On Why Struggling Cities and Towns Need High Tech Workers. The Case of Seattle.



Seattle was not always considered a tech hub. In 1971, The Economist labeled Seattle as the “City of Despair” with a 13.1% unemployment rate and around 5% of workers with bachelor degrees. Similar to Detroit, Seattle’s economy relied heavily on declining industries such as manufacturing and lumber. Moreover, crime was increasing and workers were leaving in droves. The city currently, however, is thriving with a 3.6% unemployment rate and over 39% of the adult population with bachelor degrees.

How did Seattle change so much? The economist Enrico Moretti in his illuminating book The New Geography of Jobs argues that Bill Gates’ decision to move the Microsoft headquarters to Seattle drastically altered the city’s economic trajectory. For one thing, the city became much more attractive to other tech entrepreneurs. Jeff Bezos who used to work at a Wall-Street firm in New York, decided to base the headquarters of Amazon in Seattle due to the city’s abundance of tech talent and private financing, resulting in thousands of new jobs. Moreover, former Microsoft employees generated jobs in Seattle by creating new businesses. Moretti estimates that former Microsoft employees, alone, created four thousand new businesses. The travel website Expedia, for example, was started by a Microsoft alumnus.

Other workers in Seattle indirectly benefited from the spending habits of high-tech workers. Adam Smith, the father of modern capitalism, stated that individuals acting in their self-interest can indirectly benefit society. Similarly, high tech workers spend their high salaries on real-estate agents to close on a new house, lawyers for financial maneuvering, doctors to diagnosis their back pain and baristas to order and sip their macchiatos. Indeed, Moretti estimates that Microsoft is indirectly responsible for creating 120,000 less-skilled service jobs (e.g. taxi drivers, real-estate agents, cleaners) and 80,000 college or advanced degree required jobs (e.g. doctors, nurses, and architects) in Seattle.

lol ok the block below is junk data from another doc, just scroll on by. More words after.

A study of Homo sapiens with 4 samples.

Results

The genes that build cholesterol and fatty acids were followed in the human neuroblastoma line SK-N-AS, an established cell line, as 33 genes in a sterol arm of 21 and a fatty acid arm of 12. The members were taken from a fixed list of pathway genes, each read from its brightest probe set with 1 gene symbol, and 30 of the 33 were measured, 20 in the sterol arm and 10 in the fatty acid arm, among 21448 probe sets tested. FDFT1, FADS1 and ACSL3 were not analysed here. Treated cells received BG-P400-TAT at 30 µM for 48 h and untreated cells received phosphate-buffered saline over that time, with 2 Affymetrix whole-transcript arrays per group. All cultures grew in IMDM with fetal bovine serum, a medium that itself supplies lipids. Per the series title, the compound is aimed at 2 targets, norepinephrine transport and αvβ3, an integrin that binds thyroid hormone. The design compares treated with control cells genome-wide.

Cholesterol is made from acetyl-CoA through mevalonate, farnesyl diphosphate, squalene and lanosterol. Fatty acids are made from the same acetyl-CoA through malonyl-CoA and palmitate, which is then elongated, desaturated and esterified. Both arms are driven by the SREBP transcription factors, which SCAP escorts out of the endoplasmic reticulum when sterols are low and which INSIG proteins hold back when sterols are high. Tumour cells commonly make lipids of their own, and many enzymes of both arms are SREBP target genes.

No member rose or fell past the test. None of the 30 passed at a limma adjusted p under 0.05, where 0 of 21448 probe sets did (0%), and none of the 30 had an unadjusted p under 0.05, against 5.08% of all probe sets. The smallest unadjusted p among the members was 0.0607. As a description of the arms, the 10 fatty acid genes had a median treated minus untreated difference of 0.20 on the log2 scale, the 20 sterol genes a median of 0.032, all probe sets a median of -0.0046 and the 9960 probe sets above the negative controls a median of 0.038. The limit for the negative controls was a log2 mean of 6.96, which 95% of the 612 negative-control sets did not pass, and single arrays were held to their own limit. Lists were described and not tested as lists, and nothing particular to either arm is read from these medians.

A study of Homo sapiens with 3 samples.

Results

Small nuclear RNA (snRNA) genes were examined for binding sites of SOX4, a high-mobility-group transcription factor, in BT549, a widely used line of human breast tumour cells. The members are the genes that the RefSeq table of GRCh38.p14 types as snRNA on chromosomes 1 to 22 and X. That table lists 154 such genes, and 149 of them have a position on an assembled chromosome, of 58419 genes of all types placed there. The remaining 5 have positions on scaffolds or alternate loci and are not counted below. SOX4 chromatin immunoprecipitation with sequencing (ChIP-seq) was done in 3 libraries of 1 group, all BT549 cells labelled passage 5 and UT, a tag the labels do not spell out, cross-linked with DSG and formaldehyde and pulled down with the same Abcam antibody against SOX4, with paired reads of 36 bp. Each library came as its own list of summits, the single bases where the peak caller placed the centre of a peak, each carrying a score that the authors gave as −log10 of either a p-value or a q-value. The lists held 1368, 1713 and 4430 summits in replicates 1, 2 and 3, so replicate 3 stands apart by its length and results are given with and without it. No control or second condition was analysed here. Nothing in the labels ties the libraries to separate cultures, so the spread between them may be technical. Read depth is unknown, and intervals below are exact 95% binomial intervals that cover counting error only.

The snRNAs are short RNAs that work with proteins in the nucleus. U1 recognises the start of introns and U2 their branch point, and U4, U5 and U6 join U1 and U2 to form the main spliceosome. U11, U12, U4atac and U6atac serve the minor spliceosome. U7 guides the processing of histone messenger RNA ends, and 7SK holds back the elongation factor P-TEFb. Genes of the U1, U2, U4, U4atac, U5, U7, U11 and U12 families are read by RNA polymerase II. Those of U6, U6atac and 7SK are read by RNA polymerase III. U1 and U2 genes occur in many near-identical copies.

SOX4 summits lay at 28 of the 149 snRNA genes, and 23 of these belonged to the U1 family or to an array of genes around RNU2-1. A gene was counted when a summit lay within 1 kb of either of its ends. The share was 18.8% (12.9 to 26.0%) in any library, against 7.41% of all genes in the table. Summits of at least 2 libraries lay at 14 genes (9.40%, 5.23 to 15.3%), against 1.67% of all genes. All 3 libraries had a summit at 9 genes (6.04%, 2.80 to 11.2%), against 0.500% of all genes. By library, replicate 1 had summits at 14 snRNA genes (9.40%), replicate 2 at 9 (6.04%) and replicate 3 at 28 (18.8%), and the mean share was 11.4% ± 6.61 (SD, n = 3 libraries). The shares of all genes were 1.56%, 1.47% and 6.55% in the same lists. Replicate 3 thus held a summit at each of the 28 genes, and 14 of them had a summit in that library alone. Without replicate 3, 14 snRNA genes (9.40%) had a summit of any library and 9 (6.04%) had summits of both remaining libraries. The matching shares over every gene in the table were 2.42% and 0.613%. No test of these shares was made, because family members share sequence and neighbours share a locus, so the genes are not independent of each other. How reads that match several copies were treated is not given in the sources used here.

The former struggling Seattle was able to grow a thriving tech industry but current struggling cities and towns do not have the luxury of a homesick tech billionaire. To put alternative proposals on the table, the economist Noah Smith suggests that the federal government should significantly increase research spending among smaller, lower-ranked colleges. He argues that the additional research funding would allow lower-ranked colleges “to create new labs, hire new researchers and create more private partnerships and investment” in local towns and cities. The result of the college and private partnerships is that knowledge would spill over between both parties. As Moretti notes, research at colleges create the basic science from which private companies build new tech products and services.

Another proposal from economists is that the government can offer wage subsidies to encourage employers to hire local workers. Timothy Taylor pointed that the basic idea of employment subsidy programs is that “it’s better to pay people to work than it is to support them while they aren’t working”. It is not clear whether the criterion for wage subsidies should be based on geography, individual worker or firm. Edward Glaeser, Lawrence Summers and Ben Austin argue that wage subsidies should be targeted based on the employment rate of geographic areas. In geographic areas where employment is low, workers should receive higher wage subsidies to encourage employment while areas which have high employment should receive lower or no wage subsidies.

Though there are policy levers that the government can use to mitigate the growing geographic inequality, the self-perpetuating forces of high-tech workers and businesses accumulating in a handful of geographic areas are likely to make those areas even more attractive and will lead to further growth while declining areas are likely to continue in their decline. Even if we know that these policy proposals will work, it will require a certain level of consensus among voters to actually pass these proposals. Despite these significant challenges, I feel that Edward Glaeser and Lawrence Summers are right to say that we have to do something to make sure more residents have more jobs.